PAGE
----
Key words:  Place Identity, Conflict Zones, Border Territories, Liminality, Peripheral Spaces and Voices, Access to Spaces, Right to Speak and Dissemination. 



This exposition explores concepts of liminality, access, and means of expression using the divided island of Cyprus as a main case study for analysis and reflection. The exposition is structured in sections or liminal means of expression, which are punctuated, interrupted and / or interrogated by "normative" voices such as "historical facts", definitions, museum displays, etc. published by voices of authority or agency:


Poetic dialogues: These are descriptive letters, Coffee Letters, co-authored by Susan Brind & Jim Harold, written while travelling and in a state of liminality. The letters have no direct addressee nor any formal signing-off. They are intended as fragments of letters, and moments of time passing from an unidentified “I” to and un-named “you”.


Photographic essay on the Buffer Zone, Caesura, part of an ongoing series of images by Jim Harold that document the landscape along and within the demarcation lines of the UN-brokered Buffer Zone (established 45 years ago). These photographs are intentionally understated images that touch upon the zone’s state of disruption and dislocation (physical, social political, and cultural) and that of a returning, if misshapen, appearance of idyll within the uninhabited landscape.


Exploring the role of the 'self' and the 'other': Part 1, by Ana Souto, questions the role of the 'other' and the 'self', the outsider educator negotiating postcolonial tensions around agency and access with local students, open to interpretative quotes from established authors, reflections through texts and images.

Exploring the role of the 'self' and the 'other': Part 2, by Susan Brind and Jim Harold, reflects on the use of Travelling Colloquia and Nomadic Dialogues as methods to enable meaningful exchanges with people with local knowledge. This is exemplified by the CCFT Nicosia Colloquium, 2016; Timeless Encounters: 'Place of Barley', Agios Sozomenos, 2018; and the Buffer Fringe 2019, Nicosia, in addition to conversations in the space of the City.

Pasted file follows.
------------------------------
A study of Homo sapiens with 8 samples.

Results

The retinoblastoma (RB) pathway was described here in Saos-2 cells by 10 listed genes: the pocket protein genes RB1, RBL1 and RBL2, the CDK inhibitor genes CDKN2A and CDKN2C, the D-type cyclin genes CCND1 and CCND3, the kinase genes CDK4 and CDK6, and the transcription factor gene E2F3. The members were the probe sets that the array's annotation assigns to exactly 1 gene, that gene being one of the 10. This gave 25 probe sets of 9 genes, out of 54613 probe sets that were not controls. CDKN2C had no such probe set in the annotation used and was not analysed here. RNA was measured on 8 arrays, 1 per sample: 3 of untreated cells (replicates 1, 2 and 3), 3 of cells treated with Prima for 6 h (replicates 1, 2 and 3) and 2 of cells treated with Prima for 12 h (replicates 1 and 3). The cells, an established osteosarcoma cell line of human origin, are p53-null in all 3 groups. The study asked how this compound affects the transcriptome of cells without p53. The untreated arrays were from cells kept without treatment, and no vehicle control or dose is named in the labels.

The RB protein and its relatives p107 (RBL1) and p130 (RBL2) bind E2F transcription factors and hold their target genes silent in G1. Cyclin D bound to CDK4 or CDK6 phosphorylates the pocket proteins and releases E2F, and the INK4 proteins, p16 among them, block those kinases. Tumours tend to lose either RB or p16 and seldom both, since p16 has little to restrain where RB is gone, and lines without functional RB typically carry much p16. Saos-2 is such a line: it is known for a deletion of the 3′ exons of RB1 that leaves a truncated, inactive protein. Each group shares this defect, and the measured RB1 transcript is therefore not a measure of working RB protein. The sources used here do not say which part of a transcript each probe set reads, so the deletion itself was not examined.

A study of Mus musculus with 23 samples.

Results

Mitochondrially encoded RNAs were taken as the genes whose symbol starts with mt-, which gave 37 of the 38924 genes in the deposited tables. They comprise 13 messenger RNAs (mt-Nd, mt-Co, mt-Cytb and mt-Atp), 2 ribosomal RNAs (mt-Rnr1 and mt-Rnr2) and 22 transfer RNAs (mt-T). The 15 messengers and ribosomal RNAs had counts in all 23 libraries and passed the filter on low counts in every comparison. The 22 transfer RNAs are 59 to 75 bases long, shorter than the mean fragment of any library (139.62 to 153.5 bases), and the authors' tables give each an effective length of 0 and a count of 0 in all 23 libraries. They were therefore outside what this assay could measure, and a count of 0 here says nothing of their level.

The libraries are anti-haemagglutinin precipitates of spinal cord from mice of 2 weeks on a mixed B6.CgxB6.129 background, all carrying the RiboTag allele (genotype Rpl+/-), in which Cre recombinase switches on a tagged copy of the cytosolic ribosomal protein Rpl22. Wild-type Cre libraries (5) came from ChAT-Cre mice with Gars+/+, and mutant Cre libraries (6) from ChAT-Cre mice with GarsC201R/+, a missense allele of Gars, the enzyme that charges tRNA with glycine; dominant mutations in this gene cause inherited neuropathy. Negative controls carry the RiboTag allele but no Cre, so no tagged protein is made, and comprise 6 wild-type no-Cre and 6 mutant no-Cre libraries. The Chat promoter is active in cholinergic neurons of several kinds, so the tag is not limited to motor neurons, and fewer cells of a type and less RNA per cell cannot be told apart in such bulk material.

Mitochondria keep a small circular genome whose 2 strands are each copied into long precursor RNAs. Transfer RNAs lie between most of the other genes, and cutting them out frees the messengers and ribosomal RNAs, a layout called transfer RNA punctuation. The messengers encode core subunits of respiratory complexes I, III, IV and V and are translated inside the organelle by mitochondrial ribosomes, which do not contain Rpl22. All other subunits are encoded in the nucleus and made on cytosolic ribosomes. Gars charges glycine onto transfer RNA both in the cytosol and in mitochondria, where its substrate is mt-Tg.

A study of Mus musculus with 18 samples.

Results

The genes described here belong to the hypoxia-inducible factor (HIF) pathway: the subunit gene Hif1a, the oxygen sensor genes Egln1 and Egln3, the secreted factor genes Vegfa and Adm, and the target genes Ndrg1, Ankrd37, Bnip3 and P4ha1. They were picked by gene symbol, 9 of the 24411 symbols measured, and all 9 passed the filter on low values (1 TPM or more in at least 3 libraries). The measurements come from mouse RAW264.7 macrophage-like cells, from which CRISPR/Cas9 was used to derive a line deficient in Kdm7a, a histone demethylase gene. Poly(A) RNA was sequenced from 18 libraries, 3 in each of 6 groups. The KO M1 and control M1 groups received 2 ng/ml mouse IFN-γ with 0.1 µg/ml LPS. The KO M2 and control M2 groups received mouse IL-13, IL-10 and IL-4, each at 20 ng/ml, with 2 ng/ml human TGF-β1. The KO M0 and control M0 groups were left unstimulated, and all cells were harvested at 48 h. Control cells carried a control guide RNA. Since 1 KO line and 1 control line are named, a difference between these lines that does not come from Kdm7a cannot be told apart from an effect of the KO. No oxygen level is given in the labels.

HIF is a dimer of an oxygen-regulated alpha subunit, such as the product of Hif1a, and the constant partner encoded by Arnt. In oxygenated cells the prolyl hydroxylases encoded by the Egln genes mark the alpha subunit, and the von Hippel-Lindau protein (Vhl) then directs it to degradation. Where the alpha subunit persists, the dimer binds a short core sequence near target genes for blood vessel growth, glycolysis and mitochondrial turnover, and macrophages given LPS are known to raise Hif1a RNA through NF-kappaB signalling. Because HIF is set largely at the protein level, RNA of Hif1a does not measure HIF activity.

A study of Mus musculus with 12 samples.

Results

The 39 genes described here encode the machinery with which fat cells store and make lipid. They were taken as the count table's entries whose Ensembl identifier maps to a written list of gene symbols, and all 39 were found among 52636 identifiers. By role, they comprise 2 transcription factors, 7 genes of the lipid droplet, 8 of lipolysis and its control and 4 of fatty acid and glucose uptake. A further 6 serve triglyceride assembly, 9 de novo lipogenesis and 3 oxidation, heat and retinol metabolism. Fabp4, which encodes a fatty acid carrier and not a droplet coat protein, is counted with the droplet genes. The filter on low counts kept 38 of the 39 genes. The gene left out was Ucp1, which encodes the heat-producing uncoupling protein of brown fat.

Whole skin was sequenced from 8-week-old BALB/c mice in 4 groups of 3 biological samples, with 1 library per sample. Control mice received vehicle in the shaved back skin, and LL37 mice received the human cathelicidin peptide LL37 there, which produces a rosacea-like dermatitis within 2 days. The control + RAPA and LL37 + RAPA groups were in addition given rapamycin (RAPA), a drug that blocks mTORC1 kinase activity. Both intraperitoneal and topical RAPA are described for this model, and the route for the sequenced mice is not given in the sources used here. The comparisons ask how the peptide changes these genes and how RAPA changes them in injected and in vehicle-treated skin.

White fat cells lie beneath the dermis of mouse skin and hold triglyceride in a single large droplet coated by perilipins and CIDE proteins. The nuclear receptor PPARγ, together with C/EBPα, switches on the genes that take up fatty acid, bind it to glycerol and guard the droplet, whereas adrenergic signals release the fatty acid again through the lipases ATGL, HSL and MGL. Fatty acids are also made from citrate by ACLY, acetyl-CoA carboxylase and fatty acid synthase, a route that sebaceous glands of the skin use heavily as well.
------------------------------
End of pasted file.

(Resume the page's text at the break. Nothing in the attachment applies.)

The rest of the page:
Three other sections reflect a multiplicity of observations, facts and voices that, collaged together, reflect the complexity of place, and the processes and methods used to explore these ideas.The main methodology of this submission is practice-led and phenomenological in nature, moving from visual, textual, and reflexive ethnography to autoethnographic scenarios, explored and analysed through dialogue and exchange. This collaboration between the authors sits under the umbrella of the Creative Centre for Fluid Territories (CCFT), an international research centre which interrogates how interdisciplinary artistic research practices contribute to and share critical insights about place making, belonging and occupation. The core participants in CCFT are a group of artistic researchers, architects, designers and cultural theorists from England, Scotland, Norway and Cyprus whose practices, individually and collectively, seek to consider the role of artistic research in shaping narratives of place. Attention has been given to the diversity of each creative and academic practice to allow for the expression of difference as a dynamic aspect of interaction. CCFT’s working methods build on an established mutual respect; track record and insight, rooted in a continued collaborative relationship that has emerged through trust and dialogue. The collaboration focuses on practice-based research methods, exploiting the creative intersection between image and text, presented as performance, publication, installation, architectural and design interventions, and spatial practices. 


CCFT’s key methods are the use of Travelling Colloquia and Nomadic Dialogues as strategies to explore the meaning(s) of ‘place’ from different locations, perspectives, and across time. This exposition, focusing on Cyprus as a case study, offers a multidisciplinary collage of contrasting voices which does not aim to resolve the question of liminality, but add liminal voices and spaces to the debate.


Note:  The descriptive text about CCFT, its membership, focus and approach is extracted from the group's aims and objectives and is part of an introductory text in a forthcoming publication Fluid Territories, University of Bergen, 2020.

Exploring liminality in Cyprus:

space, voices and means of expression

Susan Brind (Reader, Dept of Sculpture & Environmental Art, Glasgow School of Art)

Dr. Jim Harold (Visiting Lecturer, GSA) and

Dr. Ana Souto (Principal Lecturer, School of Architecture, Nottingham Trent University)

35.1029ºN       33.2141ºE       36SWD.3291092482


Navigating around both parts of Nicosia's Old Venetian City requires two maps, each detailing one side of the line or the other. Each map leaving the other(side) as if it were a half memory – a kind of limit of reliable information. It becomes like the ghost of a space set beside that which is material (and apparently real). Moving from one map to the other leaves one momentarily in a liminal space between nations, between times, and outside of any signification that might be provided by any one of the two State’s maps.